Barath defies England attack
Adrian Barath defied England's famed pace attack to guide West Indies to a lunchtime 83 for two on day one of the first Test at Lord's.
England captain Andrew Strauss, who confirmed a debut for young Yorkshire batsman Jonny Bairstow at the toss, duly got the call right and prepared to unleash James Anderson and Stuart Broad under cloudy skies.
Openers Barath and Kieran Powell were in no mood to play the compliant stooges - until the latter succumbed to Anderson in the ninth over, as did number three Kirk Edwards soon afterwards.
Barath, however, drove especially well through the covers and down the ground and numbered nine boundaries in his unbeaten 41. Powell had to ignore the indignity of a misnomer on the Lord's scoreboard which, for two overs, insisted his surname was Pollard.
Big-hitting Windies all-rounder Kieron Pollard has yet to make his Test debut, and is instead currently plying his trade for Mumbai in the Indian Premier League.
Back at the home of cricket, Barath announced himself with a cover-drive for four in each of the first and third overs when Anderson pitched up in search of outswing.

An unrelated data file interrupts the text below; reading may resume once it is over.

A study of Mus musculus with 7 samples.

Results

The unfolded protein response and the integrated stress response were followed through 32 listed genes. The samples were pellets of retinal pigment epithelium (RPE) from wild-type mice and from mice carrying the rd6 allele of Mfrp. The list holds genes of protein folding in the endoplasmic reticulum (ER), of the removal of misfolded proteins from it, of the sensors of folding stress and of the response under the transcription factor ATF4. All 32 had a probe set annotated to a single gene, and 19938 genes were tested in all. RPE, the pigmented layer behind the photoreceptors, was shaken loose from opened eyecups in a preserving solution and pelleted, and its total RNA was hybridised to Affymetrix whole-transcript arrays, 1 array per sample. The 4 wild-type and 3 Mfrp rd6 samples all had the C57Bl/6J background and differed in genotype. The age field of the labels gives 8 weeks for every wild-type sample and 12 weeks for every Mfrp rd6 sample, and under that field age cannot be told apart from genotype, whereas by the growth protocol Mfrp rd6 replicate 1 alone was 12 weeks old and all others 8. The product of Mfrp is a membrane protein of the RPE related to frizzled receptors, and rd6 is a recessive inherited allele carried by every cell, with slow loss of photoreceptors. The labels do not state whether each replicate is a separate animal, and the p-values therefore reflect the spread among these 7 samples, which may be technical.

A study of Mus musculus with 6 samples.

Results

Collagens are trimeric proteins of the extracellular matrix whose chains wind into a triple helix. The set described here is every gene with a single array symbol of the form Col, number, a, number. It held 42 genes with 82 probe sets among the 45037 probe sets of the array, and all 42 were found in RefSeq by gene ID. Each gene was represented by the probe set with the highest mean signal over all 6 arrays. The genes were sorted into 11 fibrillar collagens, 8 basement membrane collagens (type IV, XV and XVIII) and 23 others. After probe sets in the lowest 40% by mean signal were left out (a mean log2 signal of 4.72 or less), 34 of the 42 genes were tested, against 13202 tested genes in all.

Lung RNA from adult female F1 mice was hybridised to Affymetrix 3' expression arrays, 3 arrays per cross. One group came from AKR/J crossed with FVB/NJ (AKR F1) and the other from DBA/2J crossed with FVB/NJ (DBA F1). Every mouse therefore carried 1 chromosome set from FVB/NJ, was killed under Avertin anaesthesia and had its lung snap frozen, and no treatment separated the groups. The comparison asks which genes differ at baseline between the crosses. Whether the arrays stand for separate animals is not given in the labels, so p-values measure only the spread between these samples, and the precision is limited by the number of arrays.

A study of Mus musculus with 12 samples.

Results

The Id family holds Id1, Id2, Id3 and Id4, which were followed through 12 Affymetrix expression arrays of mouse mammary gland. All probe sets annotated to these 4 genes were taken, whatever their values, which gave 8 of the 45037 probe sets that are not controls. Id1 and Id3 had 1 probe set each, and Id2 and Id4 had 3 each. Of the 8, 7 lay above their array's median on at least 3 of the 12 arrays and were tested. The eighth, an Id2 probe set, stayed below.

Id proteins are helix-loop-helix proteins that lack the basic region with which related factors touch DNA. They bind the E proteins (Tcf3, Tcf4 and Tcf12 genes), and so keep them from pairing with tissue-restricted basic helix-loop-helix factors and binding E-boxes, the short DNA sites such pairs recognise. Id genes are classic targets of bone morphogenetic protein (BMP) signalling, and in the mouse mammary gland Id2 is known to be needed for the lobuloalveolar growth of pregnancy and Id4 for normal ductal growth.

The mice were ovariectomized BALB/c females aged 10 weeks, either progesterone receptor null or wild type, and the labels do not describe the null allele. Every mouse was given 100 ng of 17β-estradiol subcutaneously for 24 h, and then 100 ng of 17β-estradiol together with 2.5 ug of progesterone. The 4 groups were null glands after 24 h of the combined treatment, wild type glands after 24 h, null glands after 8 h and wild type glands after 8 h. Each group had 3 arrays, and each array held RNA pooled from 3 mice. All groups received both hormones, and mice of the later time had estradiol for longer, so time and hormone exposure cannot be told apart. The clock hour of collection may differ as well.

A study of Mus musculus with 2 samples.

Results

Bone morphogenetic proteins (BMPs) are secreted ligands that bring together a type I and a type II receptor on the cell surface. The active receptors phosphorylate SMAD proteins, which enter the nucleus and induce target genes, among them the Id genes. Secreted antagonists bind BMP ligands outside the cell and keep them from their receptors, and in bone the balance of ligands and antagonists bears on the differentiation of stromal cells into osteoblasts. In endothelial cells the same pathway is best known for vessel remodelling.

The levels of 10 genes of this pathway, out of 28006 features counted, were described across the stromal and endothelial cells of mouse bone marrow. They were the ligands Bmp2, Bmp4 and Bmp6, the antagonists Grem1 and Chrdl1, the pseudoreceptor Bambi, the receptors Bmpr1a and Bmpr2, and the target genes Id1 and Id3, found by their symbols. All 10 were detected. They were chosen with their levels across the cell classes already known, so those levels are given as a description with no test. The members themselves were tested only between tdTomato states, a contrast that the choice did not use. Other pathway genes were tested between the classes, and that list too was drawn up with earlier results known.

Powell, his name correctly displayed by now, opened his account from the 17th ball he faced - with a leg-glance off Broad for West Indies' third boundary.
But the left-hander had added just a single when Anderson got his first look at him, and worked him over expertly.
A succession of deliveries moved down the slope from the pavilion end - Powell played-and-missed once - before Anderson brought one back superbly to bemuse his victim and hit off-stump.
Edwards received a devilish inswinger first ball from Anderson, hit on the boot in the crease but not out lbw to a delivery doing too much.
Barath had yet to face his first ball from Broad, and when he did he dispatched it past cover for his third four. At the other end, he drove Anderson for boundaries to the pavilion fence in successive overs.
He lost his second partner to Anderson, who capped his first spell by pinning Edwards lbw as he shaped to push across the ball, but found a new ally in his fellow Trinidadian Darren Bravo.
First-change Tim Bresnan began with four successive maidens, and it paid to be watchful too as the West Indies saw off Anderson's nine-over stint without further loss - and Barath and Bravo more than doubled the score together in an unbroken half-century stand.